Word Count: ~1000
Summary: Charlie knows that certain fairytales have never been destined for him.
Beta: The lovely nuclearsugars. Thanks a billion!
A/N: Written for prompt # 2, wheel in the sky, of my rarepair_shorts prompt table.
Charlie lies wide awake, staring into the Romanian moonlight that’s filtering through the blinds. The only sound is the deep breathing and soft sighs of the sleeping man next to him. He draws his arm over his eyes to block out the light, trying to will himself to sleep, trying to convince himself that the morning isn’t going to bring the cruel blow that he should see coming but somehow never does.
Deciding that attempting to sleep is useless, he props himself up on one elbow and takes in Neville’s solid form, his broad chest gently rising and falling with every breath. Charlie begins to count the breaths, wondering how many more Neville will take before the morning sunlight works its way under those dark eyelashes and caresses Neville into wakefulness. He desperately wants to reach out a hand and run his fingers through the coarse strands of hair, but he knows he won’t do it. That simple action will bring him too close to bear.
He sighs and lets his head fall back to the pillow, wondering why he can’t ever say what he means to say, can’t ever show the people he loves how he really feels. He’s always been this way, right back to childhood, when he would pull away as his mum tried to cuddle him, and smile as the fibs of youth came far too easily to his lips. Charlie has never been someone to give in to his true desires. It explains, in part, why he chooses to sequester himself in the most remote corner of Europe for most of the year. It’s true that he is obsessed with the dragons, but the most attractive part of the job has always been the isolation, the lack of forced human interaction.
A flood of memories of their first day together at the reserve come to Charlie all at once, and he almost whimpers with the emotional intensity. He had known who Neville was, of course, and met him a few times previously, but he knows that he will never forget that day. Charlie hadn’t recognised Neville at first, had thought that maybe they’d sent someone else in his place. But upon closer inspection, it became clear that it was Neville alright, just the grown-up war hero version of the shy, clumsy child he’d once been.
Charlie had watched Neville with interest, hanging back as he took samples of the plants in and around the dragon enclosures. It had been Neville who suggested that they share a drink and a catch-up, and although Charlie’s first impulse was to run, Neville’s eager grin won him over and he’d let him come back to the cabin. All it took was half a bottle of firewhiskey and Neville had Charlie flat on his back, kissing his way down his neck, then his chest, then finally to the firey region below. Charlie had never come as hard as he did that night, and hasn’t since.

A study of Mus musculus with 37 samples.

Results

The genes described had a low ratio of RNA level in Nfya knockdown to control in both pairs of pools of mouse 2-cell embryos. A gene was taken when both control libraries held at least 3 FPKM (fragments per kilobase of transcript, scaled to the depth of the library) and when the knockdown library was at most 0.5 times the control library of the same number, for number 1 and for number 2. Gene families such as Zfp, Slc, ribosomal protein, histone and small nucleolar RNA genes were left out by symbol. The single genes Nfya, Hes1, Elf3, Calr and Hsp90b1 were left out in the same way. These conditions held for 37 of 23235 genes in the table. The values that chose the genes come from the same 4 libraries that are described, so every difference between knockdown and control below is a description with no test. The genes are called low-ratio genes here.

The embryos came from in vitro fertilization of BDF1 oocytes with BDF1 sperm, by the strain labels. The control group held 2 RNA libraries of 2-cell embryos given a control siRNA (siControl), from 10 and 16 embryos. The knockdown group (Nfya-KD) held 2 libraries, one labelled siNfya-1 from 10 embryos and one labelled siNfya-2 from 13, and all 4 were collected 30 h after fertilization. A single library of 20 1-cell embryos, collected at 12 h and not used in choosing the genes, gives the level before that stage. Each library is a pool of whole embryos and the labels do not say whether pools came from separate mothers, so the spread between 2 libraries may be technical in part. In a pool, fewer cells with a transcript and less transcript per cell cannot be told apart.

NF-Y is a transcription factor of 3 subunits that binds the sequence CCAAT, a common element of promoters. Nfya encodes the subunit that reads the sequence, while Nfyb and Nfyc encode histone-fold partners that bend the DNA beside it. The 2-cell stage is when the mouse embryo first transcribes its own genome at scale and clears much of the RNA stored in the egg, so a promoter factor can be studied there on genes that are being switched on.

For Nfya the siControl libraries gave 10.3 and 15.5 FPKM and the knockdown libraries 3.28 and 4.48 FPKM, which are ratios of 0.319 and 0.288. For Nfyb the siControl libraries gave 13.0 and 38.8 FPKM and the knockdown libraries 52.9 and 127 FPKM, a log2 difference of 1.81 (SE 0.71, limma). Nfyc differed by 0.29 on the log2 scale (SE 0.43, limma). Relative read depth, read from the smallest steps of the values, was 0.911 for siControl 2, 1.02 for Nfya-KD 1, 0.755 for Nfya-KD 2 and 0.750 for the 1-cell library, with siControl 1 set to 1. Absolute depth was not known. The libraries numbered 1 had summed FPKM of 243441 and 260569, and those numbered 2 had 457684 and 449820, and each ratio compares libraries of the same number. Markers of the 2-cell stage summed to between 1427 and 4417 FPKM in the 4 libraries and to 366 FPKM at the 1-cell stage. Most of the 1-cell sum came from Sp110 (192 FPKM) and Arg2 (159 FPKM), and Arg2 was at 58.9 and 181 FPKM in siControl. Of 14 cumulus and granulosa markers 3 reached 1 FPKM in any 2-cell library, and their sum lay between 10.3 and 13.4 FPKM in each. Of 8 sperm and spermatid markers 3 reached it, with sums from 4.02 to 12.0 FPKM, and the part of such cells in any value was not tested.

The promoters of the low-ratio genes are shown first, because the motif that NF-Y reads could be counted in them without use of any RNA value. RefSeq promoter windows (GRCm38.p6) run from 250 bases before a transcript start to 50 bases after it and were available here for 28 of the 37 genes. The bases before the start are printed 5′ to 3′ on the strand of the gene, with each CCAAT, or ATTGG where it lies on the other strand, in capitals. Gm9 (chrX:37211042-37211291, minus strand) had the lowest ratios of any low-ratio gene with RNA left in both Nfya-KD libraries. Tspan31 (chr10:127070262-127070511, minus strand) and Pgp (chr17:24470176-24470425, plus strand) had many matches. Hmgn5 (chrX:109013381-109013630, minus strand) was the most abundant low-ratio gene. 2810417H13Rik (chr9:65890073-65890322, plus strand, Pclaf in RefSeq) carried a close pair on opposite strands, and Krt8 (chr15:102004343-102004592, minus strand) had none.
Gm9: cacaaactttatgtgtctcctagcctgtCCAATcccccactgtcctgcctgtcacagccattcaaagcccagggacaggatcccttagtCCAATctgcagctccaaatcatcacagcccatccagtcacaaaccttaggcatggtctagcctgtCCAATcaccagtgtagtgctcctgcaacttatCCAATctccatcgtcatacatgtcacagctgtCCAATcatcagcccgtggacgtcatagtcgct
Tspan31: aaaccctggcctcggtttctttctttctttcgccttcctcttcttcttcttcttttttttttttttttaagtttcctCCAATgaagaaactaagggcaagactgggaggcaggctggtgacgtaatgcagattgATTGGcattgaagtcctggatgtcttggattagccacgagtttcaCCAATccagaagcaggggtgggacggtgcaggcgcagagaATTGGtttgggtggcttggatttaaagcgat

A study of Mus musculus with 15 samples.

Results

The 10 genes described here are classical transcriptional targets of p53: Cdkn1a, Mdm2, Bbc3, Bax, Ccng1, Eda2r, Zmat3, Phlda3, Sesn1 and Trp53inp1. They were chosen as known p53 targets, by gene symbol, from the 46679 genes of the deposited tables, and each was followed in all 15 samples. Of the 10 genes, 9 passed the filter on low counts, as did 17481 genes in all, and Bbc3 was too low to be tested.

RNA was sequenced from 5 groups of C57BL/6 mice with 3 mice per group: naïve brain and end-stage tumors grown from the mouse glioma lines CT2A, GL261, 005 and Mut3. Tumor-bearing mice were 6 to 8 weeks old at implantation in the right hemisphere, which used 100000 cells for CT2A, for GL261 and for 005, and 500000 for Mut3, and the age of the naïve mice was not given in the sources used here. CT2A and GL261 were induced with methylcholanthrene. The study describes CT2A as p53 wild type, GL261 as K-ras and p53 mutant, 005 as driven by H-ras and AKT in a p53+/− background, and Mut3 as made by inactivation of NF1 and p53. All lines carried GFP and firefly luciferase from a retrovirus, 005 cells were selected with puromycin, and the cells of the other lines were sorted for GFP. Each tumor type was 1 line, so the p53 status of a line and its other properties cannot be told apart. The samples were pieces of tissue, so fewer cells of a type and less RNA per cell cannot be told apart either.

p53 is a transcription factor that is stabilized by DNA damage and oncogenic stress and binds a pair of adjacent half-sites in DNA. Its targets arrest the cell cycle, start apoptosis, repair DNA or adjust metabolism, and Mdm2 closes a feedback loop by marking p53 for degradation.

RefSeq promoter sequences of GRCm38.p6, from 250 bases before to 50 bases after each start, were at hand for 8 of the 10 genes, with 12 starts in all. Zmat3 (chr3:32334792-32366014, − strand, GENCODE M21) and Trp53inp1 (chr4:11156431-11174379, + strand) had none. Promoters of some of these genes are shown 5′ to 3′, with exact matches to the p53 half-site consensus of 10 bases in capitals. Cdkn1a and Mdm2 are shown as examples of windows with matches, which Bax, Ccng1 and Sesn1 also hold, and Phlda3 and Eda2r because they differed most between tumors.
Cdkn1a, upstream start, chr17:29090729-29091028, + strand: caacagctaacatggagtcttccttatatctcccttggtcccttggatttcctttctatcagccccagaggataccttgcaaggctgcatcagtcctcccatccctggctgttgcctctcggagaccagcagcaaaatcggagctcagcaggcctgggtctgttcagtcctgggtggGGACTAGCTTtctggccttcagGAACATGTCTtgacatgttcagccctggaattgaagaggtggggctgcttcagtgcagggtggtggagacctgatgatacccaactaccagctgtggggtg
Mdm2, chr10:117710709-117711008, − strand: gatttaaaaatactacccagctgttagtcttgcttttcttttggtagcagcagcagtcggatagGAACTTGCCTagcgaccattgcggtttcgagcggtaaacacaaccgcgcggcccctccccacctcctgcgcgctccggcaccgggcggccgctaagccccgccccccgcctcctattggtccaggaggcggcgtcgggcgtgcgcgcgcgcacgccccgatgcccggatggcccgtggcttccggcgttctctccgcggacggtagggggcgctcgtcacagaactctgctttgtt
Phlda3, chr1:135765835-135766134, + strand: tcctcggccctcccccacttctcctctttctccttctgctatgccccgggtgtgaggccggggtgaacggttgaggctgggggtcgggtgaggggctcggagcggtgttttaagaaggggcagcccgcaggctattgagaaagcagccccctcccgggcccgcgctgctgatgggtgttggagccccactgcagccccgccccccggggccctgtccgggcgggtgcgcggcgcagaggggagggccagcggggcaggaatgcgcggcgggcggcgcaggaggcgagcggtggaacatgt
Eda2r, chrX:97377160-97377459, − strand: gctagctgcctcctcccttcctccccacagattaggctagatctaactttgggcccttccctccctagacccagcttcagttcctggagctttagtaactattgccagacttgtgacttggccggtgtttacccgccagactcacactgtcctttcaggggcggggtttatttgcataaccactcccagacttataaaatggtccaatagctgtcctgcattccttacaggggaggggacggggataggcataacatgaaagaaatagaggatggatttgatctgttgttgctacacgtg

Of course, Charlie thinks, Neville has not been with him constantly in the intervening years. He didn’t give up the chance to travel the wizarding world as a famous herbologist in order to become a dragonkeeper’s house-husband. That fairy tale is not destined for Charlie. Instead, Neville drops in when he can, every month or two if Charlie’s lucky, and they eat and drink and then fall into bed, moaning with pent-up desire and the ecstasy of relief. The arrangement seems to suit Neville fine, and Charlie has become accustomed to a merry smile and one last, rather chaste kiss before Neville is on his way, off to Cambodia or Congo or wherever his job takes him next. Charlie knows it is Neville’s journey, and he has no right to meddle with it. But his own has already ended, far too early in his life, for he always knows where tomorrow will take him.
Neville sighs next to him and rolls over on to his back, lips parting to inhale the warm summer air. Those lips are Charlie’s favourite part of Neville, and he finds it hard to draw his eyes away from them. A glimmer of orange pushes through the blinds and Charlie knows the sun is just beginning to rise, bringing with it the loneliness and yearning that he never wanted to feel. In an ideal world, he would wake Neville with gentle caresses then profess his love and desire, and ask Neville to stay forever. But such romantic words will never fall from Charlie’s lips, and Neville will never presume Charlie’s feelings.
Charlie contemplates leaving, getting himself away from the whole heart-wrenching situation and starting a new life. Maybe back in England, surrounded by his family, or maybe in Antarctica. A place with no plants, leaving Neville with no excuse to visit, and Charlie could begin to rebuild his broken soul. Neville groans lightly and his eyelids begin to flutter, and Charlie wants to look away but can’t. The small room holds a certain ambience when it is washed with the soft hue of sunlight, and as Neville stretches he looks like a figure in an impressionist painting. His dark eyes settle on Charlie’s and Neville smiles. Charlie wants to smile back, but he doesn’t trust himself not to completely fall apart and Neville is used to his lack of reaction anyway.
Neville leans over to peck Charlie on the cheek, and then rises to make his way to the bathroom. Charlie finds himself unable to move, wondering if he’ll ever find the courage to join Neville in the shower and claim the morning as his own. He watches the gentle curves of Neville’s shoulder blades until they disappear through the doorway and the sound of running water fills the room. The sunlight makes Charlie’s eyes water as he realises that he’ll never leave, he’ll never begin his own journey. Because he and Neville are like opposite sides of the same coin, made out of the same material, joined forever to each other, but etched with different designs.